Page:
Prevalence of increased alpha angles as a measure of cam-type femoroacetabular impingement in youth ice hockey players.Am J Sports Med 2013; 41(6):1357-62AJ
It has been reported that relative to other sports participants, ice hockey players suffer from cam-type femoroacetabular impingement (FAI) in higher numbers. α angles have been reported to increase with the likelihood of symptomatic FAI. It is unclear how prevalent increased α angles, commonly associated with cam FAI, are in asymptomatic young ice hockey players.
There would be a higher prevalence of α angles associated with cam FAI in youth ice hockey players than in a non-hockey-playing (skier) youth control group.
Cohort study; Level of evidence, 3.
A total of 61 asymptomatic youth ice hockey players (aged 10-18 years) and 27 youth skiers (controls) (aged 10-18 years) underwent a clinical hip examination consisting of the flexion/abduction/external rotation (FABER) distance test, impingement testing, and measurement of hip internal rotation. The hip α angle was measured by magnetic resonance imaging, and labral tears and articular cartilage lesions were documented. Hockey players were grouped according to their USA Hockey classification as peewees (ages 10-12 years), bantams (ages 13-15 years), and midgets (ages 16-19 years).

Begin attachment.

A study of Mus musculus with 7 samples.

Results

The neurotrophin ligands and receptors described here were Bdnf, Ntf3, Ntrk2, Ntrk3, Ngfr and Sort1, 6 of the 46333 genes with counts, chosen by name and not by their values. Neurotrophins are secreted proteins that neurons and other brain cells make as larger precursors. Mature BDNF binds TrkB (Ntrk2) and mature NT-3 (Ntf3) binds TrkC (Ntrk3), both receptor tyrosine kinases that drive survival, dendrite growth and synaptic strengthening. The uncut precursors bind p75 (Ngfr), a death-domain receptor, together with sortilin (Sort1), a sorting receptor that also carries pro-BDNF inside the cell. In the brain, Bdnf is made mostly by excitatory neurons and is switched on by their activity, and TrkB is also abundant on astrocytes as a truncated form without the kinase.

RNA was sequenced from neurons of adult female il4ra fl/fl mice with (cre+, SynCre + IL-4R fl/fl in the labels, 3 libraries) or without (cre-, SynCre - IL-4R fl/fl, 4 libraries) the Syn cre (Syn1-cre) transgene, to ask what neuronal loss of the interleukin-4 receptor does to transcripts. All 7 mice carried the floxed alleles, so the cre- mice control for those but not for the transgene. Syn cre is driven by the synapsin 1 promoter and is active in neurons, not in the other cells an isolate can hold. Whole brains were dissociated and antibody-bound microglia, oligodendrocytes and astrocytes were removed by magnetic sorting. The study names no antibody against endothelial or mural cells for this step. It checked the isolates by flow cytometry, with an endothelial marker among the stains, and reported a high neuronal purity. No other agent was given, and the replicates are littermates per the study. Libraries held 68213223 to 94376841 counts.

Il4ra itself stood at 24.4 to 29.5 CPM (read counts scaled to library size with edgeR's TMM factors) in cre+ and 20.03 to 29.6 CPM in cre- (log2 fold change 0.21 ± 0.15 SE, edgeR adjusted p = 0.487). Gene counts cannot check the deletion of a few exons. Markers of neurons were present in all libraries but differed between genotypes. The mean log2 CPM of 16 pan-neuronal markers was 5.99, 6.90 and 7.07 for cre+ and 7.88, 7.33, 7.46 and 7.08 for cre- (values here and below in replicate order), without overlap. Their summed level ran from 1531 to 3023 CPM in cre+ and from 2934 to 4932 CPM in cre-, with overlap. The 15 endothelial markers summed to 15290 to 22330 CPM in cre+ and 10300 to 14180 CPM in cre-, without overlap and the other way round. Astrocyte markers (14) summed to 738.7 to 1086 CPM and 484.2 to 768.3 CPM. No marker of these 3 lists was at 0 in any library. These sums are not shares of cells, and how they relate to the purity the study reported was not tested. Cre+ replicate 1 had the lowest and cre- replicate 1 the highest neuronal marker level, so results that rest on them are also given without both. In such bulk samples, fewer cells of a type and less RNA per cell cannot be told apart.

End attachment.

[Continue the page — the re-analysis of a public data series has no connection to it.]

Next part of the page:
Overall, ice hockey players had significantly higher α angles than did the control group, and hockey players had a significant correlation between increased age and increased α angles, while the control group did not. In the ice hockey group, 75% had an α angle of ≥55°, while in the skier group, 42% had an α angle of ≥55° (P < .006). Hockey players were 4.5 times more likely to have an α angle commonly associated with cam impingement than skiers. Midget players had the highest risk of increased α angles.
Even at young ages, ice hockey players have a greater prevalence of α angles associated with cam FAI than do skier-matched controls. Properties inherent to ice hockey likely enhance the development of a bony overgrowth on the femoral neck, leading to cam FAI.